C is, essentially, a good portable assembler. It's barely a compiler at all, which is why it could fit on really small 8-bit systems.
For that matter, Byte once ran an article where they implemented most of C in M68000 assembler macros, so that it ACUTALLY was assembler. It wasn't all of C, just most of it, and it was too clumsy to actually use (M68000 assembler code was as readable and much more efficient), but it worked.
For that matter, LifeboatC, an i8080 compiler, really was a translator from C to assembler (a translator, not exactly a compiler) to the point that if you knew what you were doing you could drop assembler instructions in the middle of your C code and have them work properly. It emitted assembler code or (I believe, it's been awhile) could directly build an executable. But C is much more similar to M68000 assembler than i8080 assembler, so LifeboatC was rather of a tour de force. It wasn't a full K&R C, but it was quite close.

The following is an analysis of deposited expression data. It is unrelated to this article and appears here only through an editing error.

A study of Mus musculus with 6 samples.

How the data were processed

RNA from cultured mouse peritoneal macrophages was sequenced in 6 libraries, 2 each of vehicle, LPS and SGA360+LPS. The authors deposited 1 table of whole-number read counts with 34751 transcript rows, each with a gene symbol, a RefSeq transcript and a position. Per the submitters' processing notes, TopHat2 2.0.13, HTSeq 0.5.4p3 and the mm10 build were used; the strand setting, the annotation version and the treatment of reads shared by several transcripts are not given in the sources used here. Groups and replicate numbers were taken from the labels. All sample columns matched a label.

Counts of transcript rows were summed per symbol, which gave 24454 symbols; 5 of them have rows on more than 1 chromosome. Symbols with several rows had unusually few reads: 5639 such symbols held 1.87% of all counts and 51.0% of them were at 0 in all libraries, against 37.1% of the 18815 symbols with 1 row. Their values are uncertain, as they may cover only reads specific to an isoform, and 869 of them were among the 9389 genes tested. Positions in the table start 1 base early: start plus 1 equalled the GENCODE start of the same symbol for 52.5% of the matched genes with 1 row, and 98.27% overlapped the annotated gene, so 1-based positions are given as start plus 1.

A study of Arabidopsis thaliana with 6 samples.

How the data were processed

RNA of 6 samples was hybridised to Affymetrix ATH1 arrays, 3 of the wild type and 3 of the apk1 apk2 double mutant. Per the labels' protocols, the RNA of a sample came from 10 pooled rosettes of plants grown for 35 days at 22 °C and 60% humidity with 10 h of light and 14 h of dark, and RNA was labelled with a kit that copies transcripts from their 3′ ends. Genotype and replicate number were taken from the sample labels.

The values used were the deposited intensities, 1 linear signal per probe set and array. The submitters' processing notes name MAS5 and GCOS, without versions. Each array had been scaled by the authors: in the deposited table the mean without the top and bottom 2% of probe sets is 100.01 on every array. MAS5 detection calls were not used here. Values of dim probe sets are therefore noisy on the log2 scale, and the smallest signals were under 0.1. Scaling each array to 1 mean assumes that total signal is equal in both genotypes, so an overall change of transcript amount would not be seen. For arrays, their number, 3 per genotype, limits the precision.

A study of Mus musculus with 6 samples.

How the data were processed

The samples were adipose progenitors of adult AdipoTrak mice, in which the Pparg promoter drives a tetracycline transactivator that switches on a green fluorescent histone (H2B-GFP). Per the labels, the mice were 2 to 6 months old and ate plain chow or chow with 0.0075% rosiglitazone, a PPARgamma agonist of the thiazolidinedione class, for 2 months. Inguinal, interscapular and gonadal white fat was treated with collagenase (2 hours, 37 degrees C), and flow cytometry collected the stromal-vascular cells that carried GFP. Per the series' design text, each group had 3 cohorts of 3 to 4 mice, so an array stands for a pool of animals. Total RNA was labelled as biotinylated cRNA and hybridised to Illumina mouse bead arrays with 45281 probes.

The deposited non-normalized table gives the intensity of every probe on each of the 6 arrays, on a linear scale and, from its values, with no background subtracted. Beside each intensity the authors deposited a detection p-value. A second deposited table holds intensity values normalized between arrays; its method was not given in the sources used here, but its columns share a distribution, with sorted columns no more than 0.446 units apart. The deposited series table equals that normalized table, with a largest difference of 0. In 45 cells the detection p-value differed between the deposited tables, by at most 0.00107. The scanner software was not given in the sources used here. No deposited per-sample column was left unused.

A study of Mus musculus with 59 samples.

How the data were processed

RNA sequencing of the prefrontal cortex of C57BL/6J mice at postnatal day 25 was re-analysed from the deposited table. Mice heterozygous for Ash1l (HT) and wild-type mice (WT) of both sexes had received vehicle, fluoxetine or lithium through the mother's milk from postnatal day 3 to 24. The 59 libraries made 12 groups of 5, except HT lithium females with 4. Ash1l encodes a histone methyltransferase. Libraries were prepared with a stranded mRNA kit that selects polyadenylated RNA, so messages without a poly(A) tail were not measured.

So I consider C a portable assembler, and as such quite good. I don't think of it as a good compiler language. At this point in time a good computer language needs to handle unicode characters quite well. Vala has potentials, if it ever matures. Similarly D (Digital Mars D) has potentials. If you don't need speed, Python is a good choice. Soon a good computer language will also need to handle parallel processing gracefully...but so far I haven't seen any contenders for this. Even C will do it if you don't demand grace and elegance.
P.S.: I no longer consider assembler a reasonable thing to require...either of myself or of anyone who isn't implementing things at the hardware level. C is as close to that as I consider reasonable, and even C is limiting. The complexity of code anyone can write is limited, so any complexity you can push off onto your tools should be so pushed...unless you are a tool designer or builder, or, to a much lesser extent, evaluator.